In the first week of March, Minden-South Webster Chamber members made a trip to Washington D.C. to push for federal involvement in finding a safe disposal alternative to the open tray burn of nearly 16 million pounds of M6 propellant and clean burning igniters at Camp Minden.
Jerri de Pingre’, president and CEO of the Minden chamber, traveled with the Shreveport and Bossier chambers of commerce to Washington where they met with Louisiana’s delegation and delegates from Texas and Arkansas. Last year, de Pingre’ submitted an issue asking the U.S. Army to take responsibility for what is going on at Camp Minden, to come to the table, to spend the money and get it cleaned up.
“It was shortly after that trip that things really started moving,” she said. “We went back up there in June and (then) Sen. (Mary) Landrieu got the Army to the table. There was a group of us around that table, and it’s kind of what brought us up to where we are now.”
This year, de Pingre’ submitted a second issue – this time asking the Army, the Environmental Protection Agency and the Louisiana Department of Environmental Quality to get back together and rewrite the request for proposal so the propellant gets cleaned up safely.
“We have about 15 minutes with each lawmaker,” de Pingre’ explained. “We split into two groups so we cover more area that way. I took point on the Camp Minden issue. Lisa Johnson, president of the Bossier chamber, took point on Camp Minden with her group. So, it was probably spread across 10 different elected officials.”
She says they met with several different lawmakers from Louisiana, Texas and Arkansas.
“Some people talked about Barksdale, some people talked about the Port, issues of debt; I talked about Camp Minden,” she said. “Hopefully it’s going to make a difference.”
In the course of their marathon meetings with the delegates, de Pingre’ learned that Sen. Bill Cassidy will be training staff in Shreveport, and it gave her the idea to have him tour Camp Minden while he is here.
“Camp Minden is on board and I’m just waiting to hear back from Sen. Cassidy’s office,” she said.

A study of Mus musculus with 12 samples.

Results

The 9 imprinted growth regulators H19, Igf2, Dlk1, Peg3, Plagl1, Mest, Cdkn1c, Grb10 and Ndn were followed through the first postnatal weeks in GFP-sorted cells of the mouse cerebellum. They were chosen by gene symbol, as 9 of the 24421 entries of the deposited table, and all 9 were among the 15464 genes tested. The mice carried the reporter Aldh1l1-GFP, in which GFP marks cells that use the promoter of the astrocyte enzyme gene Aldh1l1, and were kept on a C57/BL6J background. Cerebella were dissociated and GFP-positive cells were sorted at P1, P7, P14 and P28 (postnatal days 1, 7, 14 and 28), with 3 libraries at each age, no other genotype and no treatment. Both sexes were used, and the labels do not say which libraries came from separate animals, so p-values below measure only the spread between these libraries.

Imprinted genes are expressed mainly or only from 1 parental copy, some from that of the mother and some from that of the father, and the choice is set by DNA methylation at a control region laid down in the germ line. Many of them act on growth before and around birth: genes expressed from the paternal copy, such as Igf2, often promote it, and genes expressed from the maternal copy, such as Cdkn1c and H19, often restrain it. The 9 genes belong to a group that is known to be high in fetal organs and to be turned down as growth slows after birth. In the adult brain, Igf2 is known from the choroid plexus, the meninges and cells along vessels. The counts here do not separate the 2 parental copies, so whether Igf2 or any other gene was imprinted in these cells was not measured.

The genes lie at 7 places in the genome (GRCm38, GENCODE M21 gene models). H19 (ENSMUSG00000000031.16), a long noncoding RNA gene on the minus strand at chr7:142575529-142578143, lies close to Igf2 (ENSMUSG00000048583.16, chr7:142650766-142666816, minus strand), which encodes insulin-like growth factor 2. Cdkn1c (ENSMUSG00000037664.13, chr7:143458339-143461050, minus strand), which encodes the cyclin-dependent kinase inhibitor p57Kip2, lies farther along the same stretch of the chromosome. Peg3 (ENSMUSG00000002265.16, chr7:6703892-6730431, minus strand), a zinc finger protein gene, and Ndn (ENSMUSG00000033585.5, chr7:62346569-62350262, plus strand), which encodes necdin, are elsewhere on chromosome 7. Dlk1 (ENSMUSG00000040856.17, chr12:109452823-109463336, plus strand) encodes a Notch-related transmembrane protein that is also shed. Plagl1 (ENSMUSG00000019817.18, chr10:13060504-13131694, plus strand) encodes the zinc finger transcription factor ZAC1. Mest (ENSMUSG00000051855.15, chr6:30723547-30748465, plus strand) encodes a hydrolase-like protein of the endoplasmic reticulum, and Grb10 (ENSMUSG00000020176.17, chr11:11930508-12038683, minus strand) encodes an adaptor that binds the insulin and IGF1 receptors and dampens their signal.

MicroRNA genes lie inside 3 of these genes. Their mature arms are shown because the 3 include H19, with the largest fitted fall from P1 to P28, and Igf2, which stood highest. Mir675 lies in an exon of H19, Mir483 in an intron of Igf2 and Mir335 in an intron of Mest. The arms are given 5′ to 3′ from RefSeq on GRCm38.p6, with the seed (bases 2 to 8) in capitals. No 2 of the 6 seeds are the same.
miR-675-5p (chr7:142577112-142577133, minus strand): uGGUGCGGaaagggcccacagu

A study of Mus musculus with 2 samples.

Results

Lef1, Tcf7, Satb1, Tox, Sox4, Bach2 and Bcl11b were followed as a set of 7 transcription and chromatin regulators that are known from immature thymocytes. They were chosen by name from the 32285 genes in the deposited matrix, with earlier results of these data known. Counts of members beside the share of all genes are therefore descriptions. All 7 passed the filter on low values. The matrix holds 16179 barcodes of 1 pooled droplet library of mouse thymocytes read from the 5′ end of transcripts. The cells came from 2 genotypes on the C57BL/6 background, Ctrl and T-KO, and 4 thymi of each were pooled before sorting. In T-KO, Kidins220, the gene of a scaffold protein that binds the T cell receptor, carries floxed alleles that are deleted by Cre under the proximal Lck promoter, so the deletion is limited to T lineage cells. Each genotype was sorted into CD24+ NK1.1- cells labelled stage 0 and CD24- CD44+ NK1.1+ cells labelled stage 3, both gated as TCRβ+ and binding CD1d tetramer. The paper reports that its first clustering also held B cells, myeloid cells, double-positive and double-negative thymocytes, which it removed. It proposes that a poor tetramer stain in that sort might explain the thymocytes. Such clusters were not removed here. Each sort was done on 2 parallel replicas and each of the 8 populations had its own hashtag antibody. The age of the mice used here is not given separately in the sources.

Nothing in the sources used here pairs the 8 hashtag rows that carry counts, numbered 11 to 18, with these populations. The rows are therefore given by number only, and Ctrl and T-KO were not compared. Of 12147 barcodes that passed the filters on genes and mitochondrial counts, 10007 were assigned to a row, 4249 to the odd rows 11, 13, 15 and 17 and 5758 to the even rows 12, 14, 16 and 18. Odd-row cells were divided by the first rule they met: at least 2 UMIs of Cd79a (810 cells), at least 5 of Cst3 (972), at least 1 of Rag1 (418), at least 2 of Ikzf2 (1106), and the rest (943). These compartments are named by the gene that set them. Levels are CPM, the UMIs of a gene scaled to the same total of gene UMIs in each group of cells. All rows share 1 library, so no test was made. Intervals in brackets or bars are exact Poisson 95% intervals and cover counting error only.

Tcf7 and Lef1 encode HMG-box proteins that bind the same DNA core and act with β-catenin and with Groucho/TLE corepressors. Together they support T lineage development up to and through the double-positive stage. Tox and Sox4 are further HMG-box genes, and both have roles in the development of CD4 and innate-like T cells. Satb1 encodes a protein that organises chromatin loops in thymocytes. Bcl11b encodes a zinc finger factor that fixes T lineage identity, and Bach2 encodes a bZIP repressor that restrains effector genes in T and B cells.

One of the best things to come out of the trip is Camp Minden has been added to the list of items to be discussed at an EPA meeting set in the nation’s capitol, de Pingre’ says.
“They’re talking about the air quality requirements and they’re trying to drop from 70 parts per billion,” she said. “Lisa Johnson told them about Camp Minden and a large part of it is an EPA issue. This is huge. The chamber signed resolutions – more than one – requesting them to take another look at it and give us an alternative to the open tray burn.”
Resolutions have been sent to the EPA and the dialogue committee to show the chamber’s support.
David Gray, with EPA Region 6, says the agency is seeking comment on levels for the health standard as low as 60 parts per billion.
“According to EPA’s analysis, strengthening the ozone standard to a range of 65 to 70 ppb will provide significantly better protection for children, preventing 320,000 to 960,000 asthma attacks and from 330,000 to 1 million missed school days,” he said. “Strengthening the standard to a range of 70 to 65 ppb would better protect both children and adults by preventing more than 750 to 4,300 premature deaths; 1,400 to 4,300 asthma-related emergency room visits; and 65,000 to 180,000 missed workdays.”
The reason this was the biggest issue, de Pingre’ says, is because the person who brought it up is not from Louisiana.
“So that underscores the fact that people from all around the region are concerned about it – not just Webster Parish, not just north Louisiana,” she said. “This is south Arkansas. They understand that on any given day that an open tray burn, with a breeze blowing, that stuff’s going up to south Arkansas, too.”